Welcome back to NEWSFLASH, giving you the week's biggest stories!

Malaysia Releases Preliminary Report On MH370 Search

The Malaysian government released a preliminary report on MH370’s disappearance, revealing miscommunications that stalled the search process.

The five-page report noted that air traffic controllers failed to notice that the plane vanished until 17 minutes after its disappearance. The document also revealed that it took Malaysia’s government four hours after the plane went missing to call for an official search and rescue operation. 

Other details were released in addition to the preliminary report, including audio recordings of conversations between air traffic controllers and the cockpit.

MH370 disappeared on March 8 during a flight from Kuala Lumpur to Beijing. The plane reportedly rerouted back toward Malaysia but then disappeared shortly thereafter. Weeks of searching have failed to produce any leads, leaving the MH370 case a mystery.

55 Colleges Under Title IX Investigation

The U.S. Department of Education released Thursday a list that names 55 colleges and universities under investigation for Title IX complaints.

The list includes public and private universities, including Ivy League schools Harvard University, Dartmouth College and Princeton University. Other such prestigious schools as the University of Chicago, College of William & Mary and Carnegie Mellon University are also a part of the list.

According to the Education Department’s Office for Civil Rights, the colleges are under investigation for violating the gender equity law Title IX as a result of allegedly mismanaging harassment and sexual assault cases on campus. The Title IX complaints were filed by individuals on campus.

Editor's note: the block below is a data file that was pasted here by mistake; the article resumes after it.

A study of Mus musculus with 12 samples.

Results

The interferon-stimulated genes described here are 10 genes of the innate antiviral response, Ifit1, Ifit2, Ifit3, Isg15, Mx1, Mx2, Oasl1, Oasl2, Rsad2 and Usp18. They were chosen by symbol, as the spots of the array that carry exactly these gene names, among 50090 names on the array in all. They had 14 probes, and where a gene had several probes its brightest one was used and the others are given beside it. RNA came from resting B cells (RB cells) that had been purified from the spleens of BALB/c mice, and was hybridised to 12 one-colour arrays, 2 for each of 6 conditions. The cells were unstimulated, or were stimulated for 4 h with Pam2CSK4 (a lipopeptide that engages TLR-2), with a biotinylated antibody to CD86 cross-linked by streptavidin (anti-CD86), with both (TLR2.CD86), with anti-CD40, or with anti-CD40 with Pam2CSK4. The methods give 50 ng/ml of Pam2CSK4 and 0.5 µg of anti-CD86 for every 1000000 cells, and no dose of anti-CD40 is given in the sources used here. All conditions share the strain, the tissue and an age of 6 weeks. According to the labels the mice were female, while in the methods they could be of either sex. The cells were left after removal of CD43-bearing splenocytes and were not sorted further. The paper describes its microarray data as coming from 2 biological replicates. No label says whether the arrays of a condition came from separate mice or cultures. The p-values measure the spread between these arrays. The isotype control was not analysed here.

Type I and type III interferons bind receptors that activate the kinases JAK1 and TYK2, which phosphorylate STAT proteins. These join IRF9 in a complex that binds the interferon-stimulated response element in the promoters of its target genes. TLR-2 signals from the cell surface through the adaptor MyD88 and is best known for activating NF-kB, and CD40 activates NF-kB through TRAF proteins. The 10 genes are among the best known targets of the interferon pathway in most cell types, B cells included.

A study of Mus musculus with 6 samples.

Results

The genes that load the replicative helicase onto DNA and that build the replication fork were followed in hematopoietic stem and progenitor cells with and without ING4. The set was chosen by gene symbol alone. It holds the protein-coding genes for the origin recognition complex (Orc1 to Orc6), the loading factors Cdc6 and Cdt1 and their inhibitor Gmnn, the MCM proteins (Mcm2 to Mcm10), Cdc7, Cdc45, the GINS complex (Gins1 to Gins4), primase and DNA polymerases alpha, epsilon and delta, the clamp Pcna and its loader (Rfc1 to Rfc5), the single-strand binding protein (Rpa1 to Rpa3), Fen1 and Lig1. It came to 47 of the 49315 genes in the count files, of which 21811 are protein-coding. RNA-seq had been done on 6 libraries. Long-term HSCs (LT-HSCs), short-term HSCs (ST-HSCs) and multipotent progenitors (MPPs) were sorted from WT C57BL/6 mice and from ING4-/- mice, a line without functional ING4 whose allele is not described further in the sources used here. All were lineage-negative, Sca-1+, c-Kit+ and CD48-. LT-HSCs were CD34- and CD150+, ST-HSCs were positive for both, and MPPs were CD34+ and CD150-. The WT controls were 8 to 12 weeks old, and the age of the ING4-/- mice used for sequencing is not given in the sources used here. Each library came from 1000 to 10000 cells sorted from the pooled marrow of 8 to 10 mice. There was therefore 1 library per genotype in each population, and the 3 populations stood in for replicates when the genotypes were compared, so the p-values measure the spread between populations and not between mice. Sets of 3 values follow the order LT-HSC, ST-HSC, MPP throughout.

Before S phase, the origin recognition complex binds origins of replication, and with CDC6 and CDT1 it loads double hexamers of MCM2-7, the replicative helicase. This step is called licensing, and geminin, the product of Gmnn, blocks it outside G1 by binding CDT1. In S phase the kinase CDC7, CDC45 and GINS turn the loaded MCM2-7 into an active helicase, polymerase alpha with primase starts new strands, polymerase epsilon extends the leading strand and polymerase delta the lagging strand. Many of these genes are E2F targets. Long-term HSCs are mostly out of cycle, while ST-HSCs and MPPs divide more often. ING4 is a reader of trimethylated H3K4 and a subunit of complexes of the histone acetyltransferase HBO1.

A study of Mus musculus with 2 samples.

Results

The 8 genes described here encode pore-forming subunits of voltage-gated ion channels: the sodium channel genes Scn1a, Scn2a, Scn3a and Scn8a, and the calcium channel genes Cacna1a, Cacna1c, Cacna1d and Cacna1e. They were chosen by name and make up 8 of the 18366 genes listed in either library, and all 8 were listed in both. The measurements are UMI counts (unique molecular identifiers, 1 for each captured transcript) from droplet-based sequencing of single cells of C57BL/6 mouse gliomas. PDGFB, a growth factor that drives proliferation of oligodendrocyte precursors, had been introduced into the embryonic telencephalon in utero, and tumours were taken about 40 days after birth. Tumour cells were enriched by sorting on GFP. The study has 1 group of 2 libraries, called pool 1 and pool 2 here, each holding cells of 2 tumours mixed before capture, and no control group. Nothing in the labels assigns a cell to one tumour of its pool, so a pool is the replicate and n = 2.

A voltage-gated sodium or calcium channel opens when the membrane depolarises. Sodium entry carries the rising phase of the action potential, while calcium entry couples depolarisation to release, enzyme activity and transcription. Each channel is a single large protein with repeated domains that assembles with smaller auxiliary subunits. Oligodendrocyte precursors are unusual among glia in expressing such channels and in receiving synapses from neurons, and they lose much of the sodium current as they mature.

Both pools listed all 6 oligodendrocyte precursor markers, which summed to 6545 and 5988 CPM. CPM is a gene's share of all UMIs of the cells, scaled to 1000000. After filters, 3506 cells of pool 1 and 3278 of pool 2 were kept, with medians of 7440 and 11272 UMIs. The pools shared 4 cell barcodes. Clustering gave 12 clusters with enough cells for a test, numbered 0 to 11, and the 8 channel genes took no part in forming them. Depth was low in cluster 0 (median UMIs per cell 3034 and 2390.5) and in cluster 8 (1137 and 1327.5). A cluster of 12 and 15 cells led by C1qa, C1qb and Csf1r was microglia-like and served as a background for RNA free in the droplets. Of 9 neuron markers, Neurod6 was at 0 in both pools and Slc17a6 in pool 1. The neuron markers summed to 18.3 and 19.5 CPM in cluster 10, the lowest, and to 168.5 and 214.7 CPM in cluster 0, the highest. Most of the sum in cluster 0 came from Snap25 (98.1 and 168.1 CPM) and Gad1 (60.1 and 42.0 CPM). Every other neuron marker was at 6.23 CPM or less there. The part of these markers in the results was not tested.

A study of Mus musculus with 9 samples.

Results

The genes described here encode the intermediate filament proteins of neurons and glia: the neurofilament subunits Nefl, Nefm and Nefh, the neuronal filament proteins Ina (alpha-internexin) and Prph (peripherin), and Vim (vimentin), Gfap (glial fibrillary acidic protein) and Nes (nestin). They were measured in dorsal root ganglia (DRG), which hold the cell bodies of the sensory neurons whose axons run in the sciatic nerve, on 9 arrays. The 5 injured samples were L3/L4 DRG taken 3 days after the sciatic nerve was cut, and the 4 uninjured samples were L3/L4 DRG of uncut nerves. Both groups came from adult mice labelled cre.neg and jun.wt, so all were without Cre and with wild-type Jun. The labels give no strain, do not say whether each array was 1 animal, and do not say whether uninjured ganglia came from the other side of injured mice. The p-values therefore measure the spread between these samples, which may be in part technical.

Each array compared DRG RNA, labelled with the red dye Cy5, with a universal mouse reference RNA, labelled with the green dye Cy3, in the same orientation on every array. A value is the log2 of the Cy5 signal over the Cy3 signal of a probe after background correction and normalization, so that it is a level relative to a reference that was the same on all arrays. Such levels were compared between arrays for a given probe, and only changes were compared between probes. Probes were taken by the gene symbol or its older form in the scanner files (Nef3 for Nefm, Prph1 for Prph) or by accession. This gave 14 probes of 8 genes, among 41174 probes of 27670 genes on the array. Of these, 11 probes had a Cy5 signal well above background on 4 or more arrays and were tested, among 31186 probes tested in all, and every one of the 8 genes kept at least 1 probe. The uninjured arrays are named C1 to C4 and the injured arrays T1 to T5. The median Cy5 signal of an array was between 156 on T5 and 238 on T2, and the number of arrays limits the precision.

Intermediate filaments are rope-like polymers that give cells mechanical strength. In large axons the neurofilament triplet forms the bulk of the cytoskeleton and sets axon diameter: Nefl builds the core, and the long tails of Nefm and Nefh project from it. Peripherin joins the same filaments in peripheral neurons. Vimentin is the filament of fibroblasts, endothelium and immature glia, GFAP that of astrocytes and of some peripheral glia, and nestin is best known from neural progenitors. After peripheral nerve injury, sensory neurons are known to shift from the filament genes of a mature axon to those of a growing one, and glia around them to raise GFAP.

The list’s release has been applauded as a step to effectively address sexual assault crimes on campus.

“We hope this increased transparency will spur community dialogue about this important issue,” says Catherine E. Lhamon, assistant secretary for civil rights, in a statement. “I also want to make it clear that a college or university’s appearance on this list and being the subject of a Title IX investigation in no way indicates at this stage that the college or university is violating or has violated the law.”

Student victims and activists have long criticized school administrations and the Education Department for neglecting to properly investigate sexual assault incidents on campuses and for not disclosing more information during prior reviews.

Botched Oklahoma Prison Execution Raises Questions

The attempted execution of prisoner Clayton Lockett has fired up the ethics debate surrounding the death penalty in the United States.

According to some witnesses, Lockett writhed in pain after the vein through which he was administered the necessary drugs collapsed. About 45 minutes after he was given a reportedly new and unused drug combination for the execution, Lockett died from what is presumed to be a heart attack.

Oklahoma Gov. Mary Fallin has ordered an investigation into the botched execution after the state’s Department of Corrections issued a timeline of the events that transpired.

The timeline does not indicate that Lockett was writhing in pain and looked to be conscious about 16 minutes following the first injection, as witnesses stated. About 20 minutes into the execution, the curtain was lowered and witnesses were no longer able to see the proceedings. 

At a briefing Wednesday, White House Press Secretary Jay Carney expressed the White House's disapproval of the execution.

"We have a fundamental standard in this country that even when the death penalty is justified, it must be carried out humanely,"Carney says. "And I think everyone would recognize that this case fell short of that standard."

Lockett and another prisoner, Charles Warner, had challenged Oklahoma’s Department of Corrections for refusing to reveal the drug combination it would administer in their executions. 

Warner had been scheduled to be executed the same night as Lockett, but following the incident, his execution has been delayed.